Friday, September 21, 2018

Birthday Review: Andy Duncan stories

Andy Duncan's birthday is September 21 (which is also my wedding anniversary!) I was very happy to meet Andy at the recent Worldcon in San Jose, and we had a nice talk. And I wanted to do one of my compilations of past reviews for this birthday, and so I have, but I'm afraid it's much shorter than I intended. Some of my reviews of Andy's exceptional earlier stories, like "The Chief Designer", appeared as I recall in Tangent, and I've lost all my files from way back then. And I may have lost a couple of Locus files as well.

But be that as it may -- any look at Andy's work is worthwhile, so here you go, and my apologies that this doesn't include several further excellent storeis:

(Locus April 2007)

One of the most welcome names in the table of contents of Wizards is Andy Duncan -- I haven’t seen much from him lately, and I’ve missed him. "A Diorama of the Infernal Regions, or The Devil’s Ninth Question" has a claim to be the best story in this book. An orphan girl raised in a museum reaches a certain age, when her master wants her to start performing in the magic show -- which means submitting to the creepy attentions of a mostly male audience. She escapes to another world, where she meets, eventually, the Devil, and where she must answer his questions.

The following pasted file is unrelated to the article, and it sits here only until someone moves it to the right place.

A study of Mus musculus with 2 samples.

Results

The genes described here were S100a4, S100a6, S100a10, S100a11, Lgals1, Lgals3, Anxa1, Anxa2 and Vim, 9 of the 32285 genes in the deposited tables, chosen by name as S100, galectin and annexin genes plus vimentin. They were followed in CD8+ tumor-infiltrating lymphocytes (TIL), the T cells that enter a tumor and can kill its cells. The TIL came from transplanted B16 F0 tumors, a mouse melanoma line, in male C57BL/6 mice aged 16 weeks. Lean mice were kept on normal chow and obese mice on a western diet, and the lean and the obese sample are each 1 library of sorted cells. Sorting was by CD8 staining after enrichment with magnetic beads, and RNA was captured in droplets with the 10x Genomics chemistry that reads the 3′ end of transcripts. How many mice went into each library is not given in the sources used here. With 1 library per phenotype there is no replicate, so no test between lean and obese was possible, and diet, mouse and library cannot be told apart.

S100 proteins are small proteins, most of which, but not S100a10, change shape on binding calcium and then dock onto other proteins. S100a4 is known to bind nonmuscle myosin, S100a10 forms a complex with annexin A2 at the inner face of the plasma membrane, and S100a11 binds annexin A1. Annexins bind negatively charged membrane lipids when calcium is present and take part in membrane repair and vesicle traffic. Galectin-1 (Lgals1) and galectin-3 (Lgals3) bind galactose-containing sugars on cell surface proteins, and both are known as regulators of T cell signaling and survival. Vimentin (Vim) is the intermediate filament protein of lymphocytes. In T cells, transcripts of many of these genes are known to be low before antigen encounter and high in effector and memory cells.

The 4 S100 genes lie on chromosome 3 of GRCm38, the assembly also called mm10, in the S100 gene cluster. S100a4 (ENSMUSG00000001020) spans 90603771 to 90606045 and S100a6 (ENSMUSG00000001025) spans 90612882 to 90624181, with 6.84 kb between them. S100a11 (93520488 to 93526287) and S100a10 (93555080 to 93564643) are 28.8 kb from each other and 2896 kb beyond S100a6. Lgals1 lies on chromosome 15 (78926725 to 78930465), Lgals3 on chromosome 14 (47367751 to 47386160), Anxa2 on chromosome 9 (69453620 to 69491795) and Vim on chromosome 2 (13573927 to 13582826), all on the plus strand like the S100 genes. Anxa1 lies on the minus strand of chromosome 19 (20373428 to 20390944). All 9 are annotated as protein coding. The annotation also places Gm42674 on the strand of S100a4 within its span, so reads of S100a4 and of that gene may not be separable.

(Locus Feb 2010)

Indeed The Dragon Book is enjoyable throughout -- not a story fails to please. The clear best piece is the closing story, which is also probably the least traditional "dragon" story: "The Dragaman’s Bride", by Andy Duncan. The story features Pearleen Sunday, from Duncan’s excellent earlier story "The Devil’s Ninth Question", but she is primarily there to record the relationship of an "Old Fire Dragaman" and a young woman threatened by sterilization as part of the infamous eugenics movement of the early 20th century, which focused on the poor of Appalachia. Duncan beautifully evokes the mountainous back country of his characters, and situates his "Dragaman" there with complete naturalness. The language is spot on, the story involving, the issue affecting.

(Locus Aug 2018)

Analog’s latest issue features an Andy Duncan story, "New Frontiers of the Mind", that probably isn’t SF, but which is about a pretty significant figure in the history of SF and indeed of Analog: John W. Campbell, Jr. It’s well known that Campbell, while a student at Duke, participated in J. B. Rhine’s early investigations of ESP. This story imagines Campbell’s interactions with Rhine (in this case, an implausible early success), and also the marriages of both Campbell and Rhine (whose wife had a significant role in his researches). It’s a pretty affecting portrait of both couples, and of the obsessions of both men.

(My Year End Summary, 1999)

The best new story, and perhaps the best story Weird Tales published this year, was by Andy Duncan: "From Alfano's Reliquary". This is about an early, corrupt, Pope, and his curious servant. Extremely well-written. Duncan is very very impressive.  I think this story might make my Hugo nomination ballot.